Analysis: Governor touts jobs and cuts Missouri positions
Monday, January 24, 2011
Jobs. Creating new ones and preserving those that already exist are the priority for Missouri Gov. Jay Nixon and legislative leaders this year.
Yet Nixon has proposed to eliminate hundreds of positions from state government. The goal of shrinking state government is winning the support of lawmakers who have said they will consider almost any idea for spurring job growth in Missouri, where unemployment has remained higher than 9 percent for nearly two years.
In the prepared text of his State of the State message to lawmakers this past week, Nixon used the word “job” 34 times. In one passage, Nixon detailed how state efforts had created or saved 3,900 jobs in St. Louis, Perryville, Springfield, Kansas City and Columbia. But on the same night he delivered the speech, Nixon proposed a budget that would eliminate 863 state positions in the 2012 fiscal year, which starts July 1.
Both ideas can be popular, though they might seem slightly contradictory.
For example, Nixon during the State of the State speech said he planned to be “fighting hard every day for every job.” About three minutes later, Nixon highlighted how his proposals would mean a reduction of the state’s payroll by 3,300 positions since he took office in January 2009.
The governor’s administration said it hopes to minimize layoffs from the most recent proposed round of job cuts by shifting workers to currently unfilled positions that are slotted to continue.
Nixon told reporters Friday that state government needs to operate efficiently and that his economic development plans are focused on the private sector.
“I don’t think growing public-sector jobs is a long-term economic development plan,” Nixon said. “Protecting the people, making sure that we have the resources to do government functions is important. But growing the economy, I think, you have to look to the private sector.”
There is general agreement to focus on boosting jobs in the private sector from House Republicans, who have sometimes tussled with the Democratic governor but also have made job creation their priority this year.
House Speaker Steven Tilley said state government does not exist to be a job creator and that it’s OK for its payroll to shrink when revenue falls.
“We could add 5 million jobs to the state if you wanted to, and if all of them were taxpayer-paid, I wouldn’t be real thrilled about that situation because someone is going to have to pay the bill,” said Tilley, R-Perryville.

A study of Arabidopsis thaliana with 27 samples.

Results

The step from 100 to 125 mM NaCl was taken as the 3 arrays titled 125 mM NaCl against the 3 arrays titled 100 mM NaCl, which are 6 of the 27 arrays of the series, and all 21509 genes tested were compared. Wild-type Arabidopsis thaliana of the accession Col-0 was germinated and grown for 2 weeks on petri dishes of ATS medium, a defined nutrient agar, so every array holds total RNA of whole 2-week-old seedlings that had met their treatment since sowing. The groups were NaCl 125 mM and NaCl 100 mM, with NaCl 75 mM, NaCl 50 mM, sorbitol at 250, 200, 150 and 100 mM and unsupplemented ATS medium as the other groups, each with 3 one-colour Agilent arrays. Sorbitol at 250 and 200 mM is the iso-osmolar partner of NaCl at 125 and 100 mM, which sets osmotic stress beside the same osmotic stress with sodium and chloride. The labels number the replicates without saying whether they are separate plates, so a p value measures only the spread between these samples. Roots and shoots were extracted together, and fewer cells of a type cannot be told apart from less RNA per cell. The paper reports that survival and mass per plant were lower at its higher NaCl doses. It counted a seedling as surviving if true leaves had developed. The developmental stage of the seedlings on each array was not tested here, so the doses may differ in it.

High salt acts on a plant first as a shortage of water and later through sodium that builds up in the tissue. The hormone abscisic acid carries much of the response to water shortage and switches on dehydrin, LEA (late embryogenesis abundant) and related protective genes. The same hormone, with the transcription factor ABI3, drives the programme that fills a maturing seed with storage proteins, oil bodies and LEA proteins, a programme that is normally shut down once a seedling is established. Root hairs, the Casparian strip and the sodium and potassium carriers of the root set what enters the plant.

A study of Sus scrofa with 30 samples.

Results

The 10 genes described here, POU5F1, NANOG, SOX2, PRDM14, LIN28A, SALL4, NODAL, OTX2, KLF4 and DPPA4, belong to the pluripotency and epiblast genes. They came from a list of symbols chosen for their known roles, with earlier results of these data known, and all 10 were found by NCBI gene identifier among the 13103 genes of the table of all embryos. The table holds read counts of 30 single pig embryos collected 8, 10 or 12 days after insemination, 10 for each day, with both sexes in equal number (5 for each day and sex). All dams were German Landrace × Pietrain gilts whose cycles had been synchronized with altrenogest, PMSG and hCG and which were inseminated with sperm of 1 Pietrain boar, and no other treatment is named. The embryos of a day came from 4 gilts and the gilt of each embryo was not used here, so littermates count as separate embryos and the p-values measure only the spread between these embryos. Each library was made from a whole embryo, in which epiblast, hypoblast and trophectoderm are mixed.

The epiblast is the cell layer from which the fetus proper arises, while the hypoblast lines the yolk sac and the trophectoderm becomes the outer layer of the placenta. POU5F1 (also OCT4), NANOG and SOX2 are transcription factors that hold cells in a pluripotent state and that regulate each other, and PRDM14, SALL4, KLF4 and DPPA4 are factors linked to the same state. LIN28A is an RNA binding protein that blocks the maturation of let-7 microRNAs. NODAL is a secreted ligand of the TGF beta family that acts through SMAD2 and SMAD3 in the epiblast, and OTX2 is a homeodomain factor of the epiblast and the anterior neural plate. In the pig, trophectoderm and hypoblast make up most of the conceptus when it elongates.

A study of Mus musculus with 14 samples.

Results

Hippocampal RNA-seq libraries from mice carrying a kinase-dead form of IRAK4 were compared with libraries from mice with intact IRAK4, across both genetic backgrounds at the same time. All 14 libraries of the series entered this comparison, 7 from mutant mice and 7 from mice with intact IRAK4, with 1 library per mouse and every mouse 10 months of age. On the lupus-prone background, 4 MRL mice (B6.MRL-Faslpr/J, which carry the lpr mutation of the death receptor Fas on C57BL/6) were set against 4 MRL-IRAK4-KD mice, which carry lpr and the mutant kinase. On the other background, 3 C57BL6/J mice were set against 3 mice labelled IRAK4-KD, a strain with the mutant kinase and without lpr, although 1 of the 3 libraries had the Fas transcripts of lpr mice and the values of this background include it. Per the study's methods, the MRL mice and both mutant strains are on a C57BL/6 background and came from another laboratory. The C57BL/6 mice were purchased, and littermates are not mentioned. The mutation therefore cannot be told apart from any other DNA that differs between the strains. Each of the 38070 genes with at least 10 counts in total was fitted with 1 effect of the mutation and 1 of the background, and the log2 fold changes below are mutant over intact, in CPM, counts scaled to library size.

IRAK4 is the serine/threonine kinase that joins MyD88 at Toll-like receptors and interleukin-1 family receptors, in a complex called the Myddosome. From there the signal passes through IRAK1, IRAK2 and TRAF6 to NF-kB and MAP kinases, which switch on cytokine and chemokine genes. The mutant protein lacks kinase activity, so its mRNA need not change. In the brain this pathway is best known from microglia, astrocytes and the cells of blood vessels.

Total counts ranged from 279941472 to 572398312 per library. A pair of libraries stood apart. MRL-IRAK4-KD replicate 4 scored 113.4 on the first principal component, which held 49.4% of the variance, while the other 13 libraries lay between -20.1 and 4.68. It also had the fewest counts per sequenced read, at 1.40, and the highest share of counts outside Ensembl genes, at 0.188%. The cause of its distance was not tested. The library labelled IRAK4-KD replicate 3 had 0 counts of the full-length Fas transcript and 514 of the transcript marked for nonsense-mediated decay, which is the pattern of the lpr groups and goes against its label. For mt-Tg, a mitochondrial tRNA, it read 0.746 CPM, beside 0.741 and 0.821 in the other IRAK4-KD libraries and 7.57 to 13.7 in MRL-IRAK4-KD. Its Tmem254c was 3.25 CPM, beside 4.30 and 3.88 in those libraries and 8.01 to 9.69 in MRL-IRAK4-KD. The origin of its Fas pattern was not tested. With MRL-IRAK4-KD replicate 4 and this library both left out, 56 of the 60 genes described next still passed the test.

Missouri is facing a budget deficit of several hundred million dollars. Its unemployment rate was 9.5 percent in December, according to the Department of Economic Development — the 21st straight month the jobless rate has topped 9 percent. In November, Missouri had the 15th highest unemployment rate, according to the U.S. Bureau of Labor Statistics. Among the eight bordering states, Illinois and Kentucky had higher jobless rates, Tennessee matched Missouri and the others had lower unemployment rates.
Nixon’s proposed budget for the 2012 fiscal year would eliminate positions in several agencies. More than 100 would be cut each from the Transportation, Corrections, Health and Senior Services and Social Services departments.
The Department of Transportation, which is governed by a commission and does not directly answer to Nixon’s office, already has eliminated about 200 positions since last February. The agency plans to cut more than $200 million over five years and to trim another 200 positions by June 2013.
From state agencies that respond directly to the governor’s office, Nixon’s administration has proposed privatizing a call center that handles changes to the addresses and phone numbers of social services recipients. Prison canteens would use ATM-style machines to sell products, and more contractors would be used to oversee children in the foster care system.
A spokesman for the Department of Corrections said the agency expected to save $1.2 million per year and would try to move 29 prison canteen workers into other jobs that currently are open.
Nixon budget director Linda Luebbering said that many of the jobs that would be cut currently are filled. But officials hope shifting workers into different jobs and freezing hiring will cause most of the eliminated positions to be vacant.
“These are not positions where people come and stay for a long period of time, and through that normal attrition, we will be able to reduce many of the positions with that normal churn as opposed to having to do layoffs,” Luebbering said.
Nonetheless, critics of cutting the state payroll said it seems politicians were seeking to score political points. Bradley Harmon, president of the Communications Workers of America Local 6355, said jobs in the public sector are just as valuable as those in the private sector.
“If you’re unemployed because you lost your job at Ford or you’re unemployed because you lost your job with the state, you’re just as unemployed,” Harmon said.
EDITOR’S NOTE — Chris Blank has covered state government and politics for The Associated Press since 2005.